For a quick recap, the main part of Chrome’s Manifest V3 that the community has taken issue with is that extensions will no longer be able to use the blocking capabilities of the “Web Request” API. Extensions like uBlock Origin and Ghostery use this to block unwanted web content (like ads and trackers) before it’s ever downloaded.

The problem that Google sees, with the way the Web Request API works now, is that any extension can silently have access to all of your Chrome traffic data. Well-meaning Chrome extensions, of course, don’t abuse this fact, but 42% of malicious extensions reportedly do.

Google intends to fix this glaring privacy issue with Manifest V3 by replacing Web Request’s blocking abilities with the “Declarative Net Request” API. Where the Web Request API checked in with extensions for every network request, Declarative Net Request instead has extensions “declare” ahead of time which requests need to be altered and what action to take on them.

Google has provided some handy illustrations to better explain these differences.

With the first two diagrams, the team is also trying to prove that ad blocking extensions using Declarative Net Request should perform faster than the previous Web Request API. This could indeed be the case, as Chrome won’t need to check in with every extension, just the ones that have registered a matching rule.

Performance testing

In an attempt to soon back up this claim, Google is taking the most direct route possible by creating their own ad blocker extension to test it. Spotted in Chromium’s Gerrit source code management site, a Chromium team member has been working on two ad blocker related projects.

The first is a tool, designed to convert from an ad blocker filter list to Declarative Net Request rules. The second is the fruit of that tool, a simple ad blocker extension, used exclusively for internal performance testing, powered by a converted version of popular ad blocking filter lists EasyList and EasyPrivacy. According to the related bug report, the goal of these projects is to help Google test ad blocker performance and detect early on if a change to Chrome causes a “regression” in ad blocker performance.

To do this, the ad blocker test extension will test about 6,000 web connections, running each one through the converted EasyList rules. This test is currently designed to measure how quickly the extension can process each request and how much RAM is used.

It should be noted that not every proposed code change found in the Chromium Gerrit makes its way to Google Chrome proper. So we’ll be keeping an eye on this ad blocker performance test as it develops and is iterated on going forward.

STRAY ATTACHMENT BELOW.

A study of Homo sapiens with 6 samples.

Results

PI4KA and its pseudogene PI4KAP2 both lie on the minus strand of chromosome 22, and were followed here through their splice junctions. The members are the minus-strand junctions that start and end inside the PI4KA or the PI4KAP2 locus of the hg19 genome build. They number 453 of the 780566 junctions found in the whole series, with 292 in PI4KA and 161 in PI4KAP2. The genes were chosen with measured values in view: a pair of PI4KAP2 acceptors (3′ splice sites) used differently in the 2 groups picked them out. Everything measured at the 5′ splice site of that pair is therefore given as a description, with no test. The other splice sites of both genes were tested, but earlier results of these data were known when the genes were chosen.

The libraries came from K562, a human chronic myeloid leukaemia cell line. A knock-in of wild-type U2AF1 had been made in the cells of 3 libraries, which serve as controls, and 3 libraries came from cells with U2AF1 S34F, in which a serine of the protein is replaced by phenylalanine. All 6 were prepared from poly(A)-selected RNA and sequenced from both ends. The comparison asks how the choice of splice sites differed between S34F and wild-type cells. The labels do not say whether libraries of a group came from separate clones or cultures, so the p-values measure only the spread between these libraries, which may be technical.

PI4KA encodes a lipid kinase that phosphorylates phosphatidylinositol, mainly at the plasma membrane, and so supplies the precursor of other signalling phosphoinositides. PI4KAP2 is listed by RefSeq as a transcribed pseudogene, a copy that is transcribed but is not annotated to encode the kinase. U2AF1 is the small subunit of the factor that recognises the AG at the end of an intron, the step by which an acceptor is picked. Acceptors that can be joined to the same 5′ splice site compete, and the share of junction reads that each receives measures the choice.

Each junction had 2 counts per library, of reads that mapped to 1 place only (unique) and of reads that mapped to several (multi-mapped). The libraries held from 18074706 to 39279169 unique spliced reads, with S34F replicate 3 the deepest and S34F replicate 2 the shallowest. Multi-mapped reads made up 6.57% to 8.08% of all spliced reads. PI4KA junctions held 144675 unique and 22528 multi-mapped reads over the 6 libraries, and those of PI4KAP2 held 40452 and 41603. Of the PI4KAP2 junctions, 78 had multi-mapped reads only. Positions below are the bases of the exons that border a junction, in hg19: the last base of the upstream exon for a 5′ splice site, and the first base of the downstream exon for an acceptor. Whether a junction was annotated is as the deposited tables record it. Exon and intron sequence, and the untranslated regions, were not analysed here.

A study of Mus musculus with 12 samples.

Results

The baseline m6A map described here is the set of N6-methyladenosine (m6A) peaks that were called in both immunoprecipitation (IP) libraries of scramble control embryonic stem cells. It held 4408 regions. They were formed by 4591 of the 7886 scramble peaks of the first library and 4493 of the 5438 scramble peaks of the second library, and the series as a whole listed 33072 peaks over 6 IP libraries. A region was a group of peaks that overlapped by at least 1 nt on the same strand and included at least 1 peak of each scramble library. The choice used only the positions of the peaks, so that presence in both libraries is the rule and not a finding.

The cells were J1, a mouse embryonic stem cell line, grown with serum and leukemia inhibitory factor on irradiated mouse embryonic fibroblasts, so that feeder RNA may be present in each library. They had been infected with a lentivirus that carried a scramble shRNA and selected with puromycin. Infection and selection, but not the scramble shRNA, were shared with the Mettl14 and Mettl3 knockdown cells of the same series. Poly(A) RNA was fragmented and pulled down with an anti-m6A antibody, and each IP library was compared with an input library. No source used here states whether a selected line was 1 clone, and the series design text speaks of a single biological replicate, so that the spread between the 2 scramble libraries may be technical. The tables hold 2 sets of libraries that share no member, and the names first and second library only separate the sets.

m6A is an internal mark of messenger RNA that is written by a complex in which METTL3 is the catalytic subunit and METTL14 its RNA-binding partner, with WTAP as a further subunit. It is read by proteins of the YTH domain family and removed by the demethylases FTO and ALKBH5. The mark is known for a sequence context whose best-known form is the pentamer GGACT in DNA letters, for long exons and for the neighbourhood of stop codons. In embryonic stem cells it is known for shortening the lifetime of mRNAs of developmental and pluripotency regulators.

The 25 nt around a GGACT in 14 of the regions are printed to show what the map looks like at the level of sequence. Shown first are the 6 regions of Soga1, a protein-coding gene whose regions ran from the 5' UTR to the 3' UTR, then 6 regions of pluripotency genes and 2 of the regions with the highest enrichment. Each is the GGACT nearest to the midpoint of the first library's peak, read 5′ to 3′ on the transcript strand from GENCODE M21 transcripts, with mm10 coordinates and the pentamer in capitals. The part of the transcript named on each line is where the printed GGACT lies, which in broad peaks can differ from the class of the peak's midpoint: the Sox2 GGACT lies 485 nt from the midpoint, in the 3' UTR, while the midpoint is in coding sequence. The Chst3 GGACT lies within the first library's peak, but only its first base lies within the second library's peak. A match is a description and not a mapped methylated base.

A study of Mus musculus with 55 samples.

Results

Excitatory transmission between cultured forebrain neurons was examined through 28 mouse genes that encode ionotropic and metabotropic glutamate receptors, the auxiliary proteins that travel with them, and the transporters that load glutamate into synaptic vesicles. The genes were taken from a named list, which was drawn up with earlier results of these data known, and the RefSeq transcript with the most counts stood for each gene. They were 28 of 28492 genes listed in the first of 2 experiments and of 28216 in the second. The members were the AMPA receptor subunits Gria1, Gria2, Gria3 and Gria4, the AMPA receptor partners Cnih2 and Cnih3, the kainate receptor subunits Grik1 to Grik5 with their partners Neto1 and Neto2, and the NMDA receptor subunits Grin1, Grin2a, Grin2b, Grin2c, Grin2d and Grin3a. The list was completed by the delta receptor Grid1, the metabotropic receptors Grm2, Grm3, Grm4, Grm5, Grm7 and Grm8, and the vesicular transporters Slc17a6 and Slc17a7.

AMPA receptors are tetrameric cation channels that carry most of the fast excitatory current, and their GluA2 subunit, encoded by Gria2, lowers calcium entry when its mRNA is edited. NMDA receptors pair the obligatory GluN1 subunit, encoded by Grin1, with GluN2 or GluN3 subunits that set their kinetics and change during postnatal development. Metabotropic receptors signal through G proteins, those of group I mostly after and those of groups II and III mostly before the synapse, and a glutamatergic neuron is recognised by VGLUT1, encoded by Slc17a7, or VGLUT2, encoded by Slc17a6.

Changes to rule limits

Before they could actually use this ad blocker test, Google needed to address another issue with Manifest V3. One of the complaints critics had was with the proposed restriction on the number of “rules” each extension could create, set at a limit of 30,000.

Google’s ad blocker extension test further proved the complaint to be true, as it converted EasyList’s over 75,000 filters to just under 40,000 rules. (For reference, Google’s converter tool entirely ignored the parts of filter lists that altered page visuals, focusing exclusively on network filters.)

In response to this feedback, the proposal is being adjusted to a maximum of 150,000 rules shared across extensions.

We are actively exploring other ways to expand this API, including adding methods to get feedback about matched rules, and support for richer redirects leveraging URL manipulation and regular expressions. Additionally, we are currently planning to change the rule limit from maximum of 30k rules per extension to a global maximum of 150k rules.

Google’s stance on ad blockers

This actually isn’t even the first time Google has created something like an ad blocker, as the company launched a built-in ad blocker for Chrome early last year. However, this built-in blocker only targets ads that don’t conform to the “Better Ads Standards.”

Overall, the message Google is trying to get across is that Chrome isn’t doing away with ad blocking extensions. Creating a dedicated test to check the performance of ad blockers in Chrome is a strong sign of their future in the browser.

This article has been updated to further emphasize that this is for internal testing only.


Kyle Bradshaw

Kyle is an author and researcher for 9to5Google, with special interests in Made by Google products, Fuchsia, and Stadia.